U.S. Ambassador David Jacobson lends a hand

| October 26, 2011 | 0 Comments

He wore an old black turtleneck, jeans, black knee guards and sneakers. It was a far cry from his usual suit-and-tie work attire but, for U.S. Ambassador David Jacobson, it was a more sensible outfit for the job at hand — to help retrofit a Habitat for Humanity home for an Ottawa family in need.

David Jacobson enjoyed his afternoon of manual labour as part of a Habitat for Humanity project in Orleans.

David Jacobson enjoyed his afternoon of manual labour as part of a Habitat for Humanity project in Orleans.

Habitat for Humanity raises funds, organizes volunteers and builds and renovates homes for low-income working families who wouldn’t otherwise be able to afford a conventional mortgage. The families themselves invest 500 hours of their time to help build the home, but so do a raft of volunteers. A family must also commit to paying the interest-free mortage, payments for which are set at no more than 30 percent of their income.
While Habitat does build houses from the ground up, this particular home was originally built several years ago for another Habitat family — a mother and her children. Her two sons were raised in the home and went on to serve, with distinction, in the Canadian Forces. With the boys all grown up, the mother decided another family could use the house more than she could. She told Habitat she wanted to sell the house back to them so another family could enjoy it and thrive in it the way she and her family had.
The lucky latest family — the Hachokakes, who emigrated from the Democratic Republic of Congo — were chosen to move into the five-bedroom Hiawatha Park Drive house. Christopher Hachokake and his wife, Charlotte, have five children who range in age from 18 years to one year. They had been renting in the neighbourhood next to Bayshore Shopping Centre, one plagued by the illegal drug trade and associated crimes.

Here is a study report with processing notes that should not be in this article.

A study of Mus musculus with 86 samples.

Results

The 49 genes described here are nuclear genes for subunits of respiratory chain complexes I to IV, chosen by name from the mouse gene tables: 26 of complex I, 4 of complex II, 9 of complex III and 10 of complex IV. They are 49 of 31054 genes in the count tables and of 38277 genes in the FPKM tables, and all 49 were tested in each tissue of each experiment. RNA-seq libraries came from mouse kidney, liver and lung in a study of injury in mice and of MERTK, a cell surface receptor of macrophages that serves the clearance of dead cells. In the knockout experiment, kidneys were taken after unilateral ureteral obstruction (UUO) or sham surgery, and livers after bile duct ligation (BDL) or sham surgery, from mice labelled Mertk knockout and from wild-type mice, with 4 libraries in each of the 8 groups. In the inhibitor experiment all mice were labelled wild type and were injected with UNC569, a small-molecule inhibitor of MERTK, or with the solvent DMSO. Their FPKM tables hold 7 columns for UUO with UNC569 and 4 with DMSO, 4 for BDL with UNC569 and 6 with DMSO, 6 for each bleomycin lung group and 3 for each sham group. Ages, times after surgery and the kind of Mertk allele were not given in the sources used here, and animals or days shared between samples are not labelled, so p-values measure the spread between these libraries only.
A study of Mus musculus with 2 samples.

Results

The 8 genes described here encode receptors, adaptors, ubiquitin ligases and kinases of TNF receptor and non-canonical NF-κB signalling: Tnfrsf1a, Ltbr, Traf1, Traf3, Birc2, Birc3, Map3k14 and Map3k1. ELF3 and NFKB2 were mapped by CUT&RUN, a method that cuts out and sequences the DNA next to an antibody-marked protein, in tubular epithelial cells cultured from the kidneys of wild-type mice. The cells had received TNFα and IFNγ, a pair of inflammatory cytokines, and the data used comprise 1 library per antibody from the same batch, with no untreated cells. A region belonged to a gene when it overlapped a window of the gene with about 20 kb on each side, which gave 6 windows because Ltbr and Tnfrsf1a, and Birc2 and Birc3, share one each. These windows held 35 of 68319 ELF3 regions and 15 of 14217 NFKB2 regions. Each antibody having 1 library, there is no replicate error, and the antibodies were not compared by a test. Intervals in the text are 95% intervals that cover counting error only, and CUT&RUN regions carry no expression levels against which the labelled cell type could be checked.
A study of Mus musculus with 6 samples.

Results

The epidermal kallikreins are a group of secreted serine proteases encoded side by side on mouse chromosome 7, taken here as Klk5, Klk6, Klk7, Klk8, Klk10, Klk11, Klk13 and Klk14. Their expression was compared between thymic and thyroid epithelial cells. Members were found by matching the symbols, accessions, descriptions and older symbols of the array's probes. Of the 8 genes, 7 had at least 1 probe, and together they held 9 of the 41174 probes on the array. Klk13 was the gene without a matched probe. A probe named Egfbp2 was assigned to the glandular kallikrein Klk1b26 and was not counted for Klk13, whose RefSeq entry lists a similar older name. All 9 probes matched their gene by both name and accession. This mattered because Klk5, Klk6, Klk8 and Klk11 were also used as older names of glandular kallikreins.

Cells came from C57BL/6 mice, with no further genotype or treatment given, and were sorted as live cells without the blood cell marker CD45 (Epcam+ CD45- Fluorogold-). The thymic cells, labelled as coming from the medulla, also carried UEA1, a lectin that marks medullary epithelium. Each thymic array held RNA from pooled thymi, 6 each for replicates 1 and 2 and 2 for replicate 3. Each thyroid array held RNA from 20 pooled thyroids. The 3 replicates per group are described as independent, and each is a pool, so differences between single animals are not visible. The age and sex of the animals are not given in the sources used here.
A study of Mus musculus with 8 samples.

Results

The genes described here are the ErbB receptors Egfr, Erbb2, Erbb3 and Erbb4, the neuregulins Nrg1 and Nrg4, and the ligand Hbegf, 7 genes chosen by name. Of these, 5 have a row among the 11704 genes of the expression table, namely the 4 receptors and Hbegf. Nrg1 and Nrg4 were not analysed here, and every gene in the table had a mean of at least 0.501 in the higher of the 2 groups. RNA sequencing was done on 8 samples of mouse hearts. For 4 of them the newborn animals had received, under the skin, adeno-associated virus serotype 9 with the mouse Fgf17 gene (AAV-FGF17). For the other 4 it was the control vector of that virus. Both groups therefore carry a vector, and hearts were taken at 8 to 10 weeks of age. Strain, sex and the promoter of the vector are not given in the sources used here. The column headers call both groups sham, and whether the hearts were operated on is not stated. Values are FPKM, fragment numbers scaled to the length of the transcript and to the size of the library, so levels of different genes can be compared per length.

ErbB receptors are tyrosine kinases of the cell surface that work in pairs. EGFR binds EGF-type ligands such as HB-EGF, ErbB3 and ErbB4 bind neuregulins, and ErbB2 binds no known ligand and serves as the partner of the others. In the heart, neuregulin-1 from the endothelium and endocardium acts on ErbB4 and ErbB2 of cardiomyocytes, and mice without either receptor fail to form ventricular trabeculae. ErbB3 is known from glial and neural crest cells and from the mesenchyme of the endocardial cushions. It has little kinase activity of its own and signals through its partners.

Mr. Jacobson’s wife, Julie, also volunteered her time on Easter weekend to help outfit the Hachokakes new home, as did a number of embassy staff members.
“It is, of course, wonderful that families like the Hachokakes will get to live in a beautiful home,” Mr. Jacobson told his blog readers about his volunteering gig. “But there is something else just as important about the Habitat experience. Members of the community, people like my friends and colleagues at the embassy, can be involved citizens. They can give back, they can participate in making the communities in which they live better for themselves and for others.
“I thank Habitat for Humanity for the opportunity we were afforded and I hope all of you, in a way that is meaningful to you, have the same opportunity to give back to a world to which we owe so much.”